Two questions have dominated just about every conversation in my life for the past week: Why did the Denver Broncos fire Mike Shanahan? And what will owner Pat Bowlen do next?
Here's all you need to know about how much the story has hypnotized Colorado: Since word came on Dec. 30 that Shanahan was gone, the Denver Post has conducted two Internet polls on its Web site. The one gauging reaction to Gov. Bill Ritter choosing Michael Bennet for U.S. Senate has drawn about 6,000 responses (with most voting "poor pick"). The one asking about who the Broncos should hire as head coach is at more than 18,000 and counting, with about 68 percent favoring New York Giants defensive coordinator Steve Spagnuolo.
Bowlen already has interviewed Spagnuolo, as well as others including New England offensive coordinator Josh McDaniels. But nothing is happening quickly, which seems to confirm that (a) it might be Spagnuolo, who won't be available until after the Giants' playoff run ends, and (b) Bowlen didn't come into this process with a preconceived strategy for restructuring the Broncos.
Let's add a third possibility here. Bowlen could look elsewhere, and his decision might depend at least partially on what happens with Shanahan.
Within hours of Shanahan's firing, a different rumor began to spread, and it hasn't stopped since. My guess is that it's gone far beyond a rumor, and much closer to reality.
That would be Shanahan becoming head coach of the Dallas Cowboys, once owner Jerry Jones figures out the best way to fire Wade Phillips after repeatedly insisting Phillips' job is safe for another year. Why it's likely: Jones has always been ruthless, the Cowboys are moving into their fabulous new stadium in 2009, and Shanahan and Jones are good buddies. Plus, Shanahan's kids have attended the University of Texas (his daughter Krystal was in the wedding, which all the Shanahans attended, of Jenna Bush, the president's daughter.) Oh, and son Kyle now is offensive coordinator of the Houston Texans. That's enough Texas ties.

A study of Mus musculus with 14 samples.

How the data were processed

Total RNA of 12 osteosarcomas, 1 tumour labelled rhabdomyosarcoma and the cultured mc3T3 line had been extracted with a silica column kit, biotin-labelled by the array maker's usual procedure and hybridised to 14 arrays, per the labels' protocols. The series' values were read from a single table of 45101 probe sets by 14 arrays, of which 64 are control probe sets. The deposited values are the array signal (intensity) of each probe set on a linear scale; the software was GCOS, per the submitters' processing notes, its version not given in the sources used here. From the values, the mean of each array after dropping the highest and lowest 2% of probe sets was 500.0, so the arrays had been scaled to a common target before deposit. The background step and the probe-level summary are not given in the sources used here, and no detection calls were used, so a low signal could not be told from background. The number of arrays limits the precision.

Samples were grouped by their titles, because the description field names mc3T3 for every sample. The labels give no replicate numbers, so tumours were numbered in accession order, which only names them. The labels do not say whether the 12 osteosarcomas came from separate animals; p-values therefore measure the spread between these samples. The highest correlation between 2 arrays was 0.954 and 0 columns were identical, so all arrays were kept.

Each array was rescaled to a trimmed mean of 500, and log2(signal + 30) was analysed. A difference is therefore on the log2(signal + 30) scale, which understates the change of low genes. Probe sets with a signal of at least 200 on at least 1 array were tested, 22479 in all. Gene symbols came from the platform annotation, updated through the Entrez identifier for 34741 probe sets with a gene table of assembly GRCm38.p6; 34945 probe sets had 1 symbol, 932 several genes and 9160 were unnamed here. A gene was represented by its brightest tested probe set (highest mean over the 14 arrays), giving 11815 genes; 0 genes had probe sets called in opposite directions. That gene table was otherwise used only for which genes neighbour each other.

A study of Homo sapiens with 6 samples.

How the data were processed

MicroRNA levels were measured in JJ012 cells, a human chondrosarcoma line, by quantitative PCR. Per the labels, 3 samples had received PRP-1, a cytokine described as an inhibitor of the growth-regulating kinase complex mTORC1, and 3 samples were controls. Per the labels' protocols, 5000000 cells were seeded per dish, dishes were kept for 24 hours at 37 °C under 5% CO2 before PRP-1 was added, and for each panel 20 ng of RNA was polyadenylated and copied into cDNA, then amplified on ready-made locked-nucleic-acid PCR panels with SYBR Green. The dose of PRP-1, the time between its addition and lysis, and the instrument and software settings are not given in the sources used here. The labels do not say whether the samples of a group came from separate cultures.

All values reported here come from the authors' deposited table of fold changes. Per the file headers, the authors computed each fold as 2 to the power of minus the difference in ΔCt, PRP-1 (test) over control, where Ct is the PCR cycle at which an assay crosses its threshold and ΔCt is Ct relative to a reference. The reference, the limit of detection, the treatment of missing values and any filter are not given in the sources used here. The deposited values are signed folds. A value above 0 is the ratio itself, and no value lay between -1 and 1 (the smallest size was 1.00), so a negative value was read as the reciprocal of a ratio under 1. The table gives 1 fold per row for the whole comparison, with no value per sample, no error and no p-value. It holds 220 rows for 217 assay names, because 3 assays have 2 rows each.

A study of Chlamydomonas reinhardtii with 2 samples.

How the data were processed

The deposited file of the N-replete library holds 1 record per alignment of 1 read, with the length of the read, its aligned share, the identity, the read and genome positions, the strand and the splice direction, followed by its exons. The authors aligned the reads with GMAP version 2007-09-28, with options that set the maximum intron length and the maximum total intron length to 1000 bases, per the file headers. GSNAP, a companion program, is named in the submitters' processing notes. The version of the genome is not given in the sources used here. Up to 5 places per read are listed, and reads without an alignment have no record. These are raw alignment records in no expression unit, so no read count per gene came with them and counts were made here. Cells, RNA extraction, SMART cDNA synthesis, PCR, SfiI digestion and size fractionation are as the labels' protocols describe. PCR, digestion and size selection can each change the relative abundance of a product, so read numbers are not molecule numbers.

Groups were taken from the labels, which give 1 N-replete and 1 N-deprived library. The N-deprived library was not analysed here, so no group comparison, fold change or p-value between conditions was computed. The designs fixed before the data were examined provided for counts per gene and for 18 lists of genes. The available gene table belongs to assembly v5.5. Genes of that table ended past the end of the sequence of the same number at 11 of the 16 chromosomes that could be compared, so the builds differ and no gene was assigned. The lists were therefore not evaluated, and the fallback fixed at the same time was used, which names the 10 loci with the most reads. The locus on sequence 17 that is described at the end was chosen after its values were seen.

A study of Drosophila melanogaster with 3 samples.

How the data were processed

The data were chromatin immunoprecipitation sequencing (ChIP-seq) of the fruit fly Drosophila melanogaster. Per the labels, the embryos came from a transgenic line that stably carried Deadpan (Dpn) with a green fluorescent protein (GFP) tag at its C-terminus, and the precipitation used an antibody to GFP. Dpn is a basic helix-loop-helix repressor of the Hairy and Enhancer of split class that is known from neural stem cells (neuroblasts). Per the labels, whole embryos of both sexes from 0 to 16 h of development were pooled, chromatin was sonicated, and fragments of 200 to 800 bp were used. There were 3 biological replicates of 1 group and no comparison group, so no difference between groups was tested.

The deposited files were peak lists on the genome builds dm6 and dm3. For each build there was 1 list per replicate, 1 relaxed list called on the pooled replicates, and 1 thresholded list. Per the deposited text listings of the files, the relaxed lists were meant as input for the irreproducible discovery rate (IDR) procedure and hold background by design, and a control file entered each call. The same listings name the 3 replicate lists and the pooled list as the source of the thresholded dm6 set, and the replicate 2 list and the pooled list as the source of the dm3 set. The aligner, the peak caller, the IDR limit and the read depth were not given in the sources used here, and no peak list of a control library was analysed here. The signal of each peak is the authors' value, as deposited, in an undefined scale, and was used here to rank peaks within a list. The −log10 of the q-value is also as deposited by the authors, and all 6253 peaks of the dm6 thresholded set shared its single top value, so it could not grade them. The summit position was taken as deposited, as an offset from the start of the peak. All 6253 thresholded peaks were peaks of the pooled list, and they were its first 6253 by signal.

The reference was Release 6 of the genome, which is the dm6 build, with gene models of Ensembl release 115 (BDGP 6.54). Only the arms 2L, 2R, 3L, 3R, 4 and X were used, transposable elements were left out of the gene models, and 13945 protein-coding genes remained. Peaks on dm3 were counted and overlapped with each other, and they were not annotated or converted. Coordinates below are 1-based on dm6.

One report, which nobody has refuted, is that Shanahan told a handful of NFL owners he needed two weeks to deal with the shock before considering his next move. He could sit out a year, or he could realize the truth: He'll never be more valuable on the coaching market than he is now.
My theory is that Jones has assured Shanahan the Dallas job is his, if he wants it, but Shanahan has asked for the two weeks to decompress, which would end sometime around Jan. 13 or 14.
Meanwhile, Bowlen has floated the possibility he might pursue University of Oklahoma head coach Bob Stoops (Bowlen is an OU alum), though Stoops was denying it before the Sooners' national-title game against Florida.
After that game, Bowlen might put on the full-court press for Stoops. Many already have condemned the idea, citing other college coaches who have failed in the NFL. But something tells me Stoops would be perfect for the Broncos. He has a strong defensive background but, at the same time, has totally changed OU's offensive personality to a wide-open style. He'd bring boundless fresh energy, and he's already well-acquainted with Bowlen, removing a problem that has plagued other college coaches in the NFL adjusting to the owner who's signing the checks.
It's also well-known, and feared by Oklahoma folks, that Stoops' ambitions do include the NFL, far more than any other college job.
What if this speculation is all wet? What if Stoops wants more money than Bowlen is willing to pay? In that case, the Broncos should pursue Dallas offensive coordinator Jason Garrett, who could be job-hunting if Shanahan moves to the Cowboys. Garrett has been regarded by many as virtually the head coach-in-waiting for Dallas, at least until Shanahan became available. And there could be no better place for Garrett, a former quarterback himself, to land than in Denver, where he'd work with Jay Cutler.
So the first vote here goes to Stoops. But if not him, Garrett would be just fine.
And if Mike Shanahan winds up in Dallas, that'll almost be worth paying to watch. Almost.